Chicago fans have a one-question quiz for the rest of the National Football Conference: Which NFC team was the most consistent the last half of the season?

Answer: The Chicago Bears.

Those growling Bears won seven of their final eight games, finishing with that 42-6 triumph over St. Louis, to sneak into the playoffs as the NFC's final wild-card team.

But Chicago club officials like to think that only a horrible 3-5 start prevented their team from not only winning the Central Division title but also from marching into the postseason footbal tournament with the conference's best record.

That's why the Bears believe their first-round playoff game, against favored (by six points) Philadelphia Sunday at 12:30 p.m. (WDVM-TV-9) will be a lot closer than Eagle rooters or the oddsmakers are forecasting.

If Philadelphia wins, the Eagles will play at Tampa Bay next Saturday. If Chicago wins, the Bears will play at Dallas next Sunday.

Chicago surrendered fewer points, gave up fewer yards and sacked quarterbacks more often than the Eagles and, thanks to the fine play of quarterback Mike Phipps since midseason, the Bears are almost as effective on offense as Philadelphia.

Neither club will put on a flashy display. Philadelphia Coach Dick Vermeil commands perhaps the most conservative offense in the league and for the Bears to be dangerous, they need to control the ball, which means giving Walter Payton frequent carries.

So don't expect much passing, although both Phipps and Eagle quarterback Ron Joworski need to put the ballup enough to take pressure off Payton and Philadelhia back Wilbert Montgomery.

The runoff between Payton and Montgomery should be something to behold. Payton, who moves behind a line comprising mainly first-round draft choices, raced for 1,610 yeards this season; Montgomery did almost as well with 1,512.

The Bears didn't start playing at their current level until Phipps won the three-headed battle of Midway for the starting quarterback spot.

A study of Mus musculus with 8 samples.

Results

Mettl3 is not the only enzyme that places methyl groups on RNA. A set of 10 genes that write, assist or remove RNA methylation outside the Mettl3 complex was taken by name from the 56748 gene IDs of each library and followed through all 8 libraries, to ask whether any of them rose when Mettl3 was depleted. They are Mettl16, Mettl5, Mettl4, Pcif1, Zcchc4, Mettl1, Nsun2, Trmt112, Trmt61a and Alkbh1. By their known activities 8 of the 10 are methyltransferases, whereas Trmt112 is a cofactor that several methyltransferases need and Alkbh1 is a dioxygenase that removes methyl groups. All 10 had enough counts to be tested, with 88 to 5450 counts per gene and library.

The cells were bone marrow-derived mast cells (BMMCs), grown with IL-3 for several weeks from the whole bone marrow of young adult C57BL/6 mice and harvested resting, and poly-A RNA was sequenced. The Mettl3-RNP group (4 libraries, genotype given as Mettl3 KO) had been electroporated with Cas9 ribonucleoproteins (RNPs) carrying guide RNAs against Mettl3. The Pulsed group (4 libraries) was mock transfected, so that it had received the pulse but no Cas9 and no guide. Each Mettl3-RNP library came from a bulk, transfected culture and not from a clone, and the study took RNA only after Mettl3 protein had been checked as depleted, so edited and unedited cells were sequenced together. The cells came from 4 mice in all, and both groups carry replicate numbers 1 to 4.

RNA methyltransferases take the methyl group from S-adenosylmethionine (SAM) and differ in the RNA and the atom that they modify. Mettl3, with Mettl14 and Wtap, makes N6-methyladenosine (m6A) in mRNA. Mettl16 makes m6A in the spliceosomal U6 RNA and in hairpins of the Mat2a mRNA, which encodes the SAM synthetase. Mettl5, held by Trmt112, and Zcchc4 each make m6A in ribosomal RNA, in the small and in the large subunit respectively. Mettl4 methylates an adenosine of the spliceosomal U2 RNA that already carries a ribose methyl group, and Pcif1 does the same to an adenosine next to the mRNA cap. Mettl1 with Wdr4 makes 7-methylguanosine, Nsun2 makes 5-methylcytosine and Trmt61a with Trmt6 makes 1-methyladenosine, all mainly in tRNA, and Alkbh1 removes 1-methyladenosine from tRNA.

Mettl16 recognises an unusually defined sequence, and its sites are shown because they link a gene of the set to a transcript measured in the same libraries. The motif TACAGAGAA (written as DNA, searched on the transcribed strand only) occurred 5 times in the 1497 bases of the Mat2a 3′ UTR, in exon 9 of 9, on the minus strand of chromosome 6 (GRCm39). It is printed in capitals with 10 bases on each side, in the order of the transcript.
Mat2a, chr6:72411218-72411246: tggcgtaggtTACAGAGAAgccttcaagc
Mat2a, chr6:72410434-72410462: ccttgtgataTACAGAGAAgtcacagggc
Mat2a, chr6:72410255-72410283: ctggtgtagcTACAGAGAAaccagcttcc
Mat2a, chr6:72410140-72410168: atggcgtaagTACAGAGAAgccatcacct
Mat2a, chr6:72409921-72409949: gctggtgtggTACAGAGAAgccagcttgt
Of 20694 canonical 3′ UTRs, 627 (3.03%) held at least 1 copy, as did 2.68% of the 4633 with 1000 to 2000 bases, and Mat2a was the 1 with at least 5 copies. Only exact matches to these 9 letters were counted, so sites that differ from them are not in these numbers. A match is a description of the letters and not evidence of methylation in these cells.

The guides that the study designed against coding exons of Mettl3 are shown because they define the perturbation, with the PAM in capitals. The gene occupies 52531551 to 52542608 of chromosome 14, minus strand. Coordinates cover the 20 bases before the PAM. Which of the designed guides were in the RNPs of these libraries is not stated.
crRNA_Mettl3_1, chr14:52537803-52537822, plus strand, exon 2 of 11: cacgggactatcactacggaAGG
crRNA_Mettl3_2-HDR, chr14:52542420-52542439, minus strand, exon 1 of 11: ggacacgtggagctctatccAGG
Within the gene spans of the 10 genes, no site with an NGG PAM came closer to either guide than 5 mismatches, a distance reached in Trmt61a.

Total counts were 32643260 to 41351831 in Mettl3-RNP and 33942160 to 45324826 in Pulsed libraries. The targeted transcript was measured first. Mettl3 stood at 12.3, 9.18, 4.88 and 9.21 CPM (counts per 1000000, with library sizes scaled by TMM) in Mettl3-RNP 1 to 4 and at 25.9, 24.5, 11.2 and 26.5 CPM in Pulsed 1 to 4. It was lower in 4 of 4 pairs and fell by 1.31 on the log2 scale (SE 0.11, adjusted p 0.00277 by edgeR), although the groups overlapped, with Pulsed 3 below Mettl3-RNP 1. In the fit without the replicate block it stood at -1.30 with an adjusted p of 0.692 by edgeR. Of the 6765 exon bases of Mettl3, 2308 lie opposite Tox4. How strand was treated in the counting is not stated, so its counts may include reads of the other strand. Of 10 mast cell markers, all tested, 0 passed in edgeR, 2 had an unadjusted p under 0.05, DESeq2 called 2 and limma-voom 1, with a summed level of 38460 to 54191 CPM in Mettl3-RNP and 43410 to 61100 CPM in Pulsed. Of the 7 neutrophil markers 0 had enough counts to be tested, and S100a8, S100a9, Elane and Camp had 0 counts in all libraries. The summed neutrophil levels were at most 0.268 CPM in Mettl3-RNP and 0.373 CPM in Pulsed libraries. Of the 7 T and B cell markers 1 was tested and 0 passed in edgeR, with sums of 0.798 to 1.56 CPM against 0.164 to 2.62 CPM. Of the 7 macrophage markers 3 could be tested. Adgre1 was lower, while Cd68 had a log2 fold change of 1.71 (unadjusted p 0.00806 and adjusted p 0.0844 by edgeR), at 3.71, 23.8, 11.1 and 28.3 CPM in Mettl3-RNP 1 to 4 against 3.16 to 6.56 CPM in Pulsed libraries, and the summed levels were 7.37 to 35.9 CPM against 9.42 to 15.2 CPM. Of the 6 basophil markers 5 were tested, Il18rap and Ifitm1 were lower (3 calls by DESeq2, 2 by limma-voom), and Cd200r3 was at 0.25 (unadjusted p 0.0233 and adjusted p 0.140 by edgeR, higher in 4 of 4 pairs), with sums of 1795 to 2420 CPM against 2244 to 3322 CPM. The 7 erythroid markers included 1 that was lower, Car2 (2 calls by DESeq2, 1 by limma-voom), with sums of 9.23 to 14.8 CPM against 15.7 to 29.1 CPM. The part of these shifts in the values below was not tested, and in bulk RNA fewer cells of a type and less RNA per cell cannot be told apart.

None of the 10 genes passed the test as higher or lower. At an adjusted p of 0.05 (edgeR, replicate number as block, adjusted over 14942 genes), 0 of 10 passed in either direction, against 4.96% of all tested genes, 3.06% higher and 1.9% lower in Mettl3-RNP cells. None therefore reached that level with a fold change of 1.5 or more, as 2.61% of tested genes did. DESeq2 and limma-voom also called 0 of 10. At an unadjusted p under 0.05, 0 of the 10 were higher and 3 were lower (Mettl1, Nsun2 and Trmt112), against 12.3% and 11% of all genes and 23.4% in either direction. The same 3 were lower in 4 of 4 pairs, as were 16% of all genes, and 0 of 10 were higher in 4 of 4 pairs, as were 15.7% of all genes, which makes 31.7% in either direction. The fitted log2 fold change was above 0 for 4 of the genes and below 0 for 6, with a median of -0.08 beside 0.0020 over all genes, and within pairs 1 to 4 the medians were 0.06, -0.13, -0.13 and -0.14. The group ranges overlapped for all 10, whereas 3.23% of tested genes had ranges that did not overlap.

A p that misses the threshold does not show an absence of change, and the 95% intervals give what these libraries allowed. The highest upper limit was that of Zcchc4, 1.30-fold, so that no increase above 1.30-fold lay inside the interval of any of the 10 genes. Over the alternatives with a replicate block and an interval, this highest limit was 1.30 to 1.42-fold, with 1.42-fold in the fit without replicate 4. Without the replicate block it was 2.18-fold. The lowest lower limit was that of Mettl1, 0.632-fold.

With his short-pass game, mainly directed toward fullback Dave Williams (42 catches), Payton (30) and wide receivers Brian Baschnagel (30) and Rickey Watts (24), Phipps has added another long-needed dimension to his club's stagnant offense.

Not that the Bears are offensive wizards. Until that 42-point outburst against the Cardinals that broke the hearts of the Redskins and their fans, Chicago had been struggling to score the last month.

In three consecutive weeks, the Bears were blanked by Detroit, scored two touchdowns against Tampa Bay and one against Green Bay.

With an aggressive Philadelphia defense led by a front three of Charley Johnson, Claude Hunphrey and Carl Hairston, the Eagles can be particularly effective against the run, something Payton may find out before the afternoon is over.

For Chicago to have any chance of winning and moving to the conference semifinals next week, the Bears must stop Montgomery. When Joworski has been left to carry the offense on his own this season, he has struggled.

Still, not many opponents have controlled the powerful Montgomery. Once he gets rolling, Jaworski then can mix passes to that fine tight end, Ken Krepfle, and angular wide receiver Harold Carmichael.

The Eagles are confident that they can go to the Super Bowl this season. They finished in a first-place tie with Dallas for the East title, splitting games with the Cowboys, and ended the schedule with a victory at Houston.

Last year, they never made it beyoun d this game, losing to Atlanta, 14-13. But Vermeil says this time around, his team will handle the playoffs better.

"I think we can make it to the Super Bowl," he said. "Who else in this conference s better? We've beaten everyone, including Pittsburgh, so I like our chances."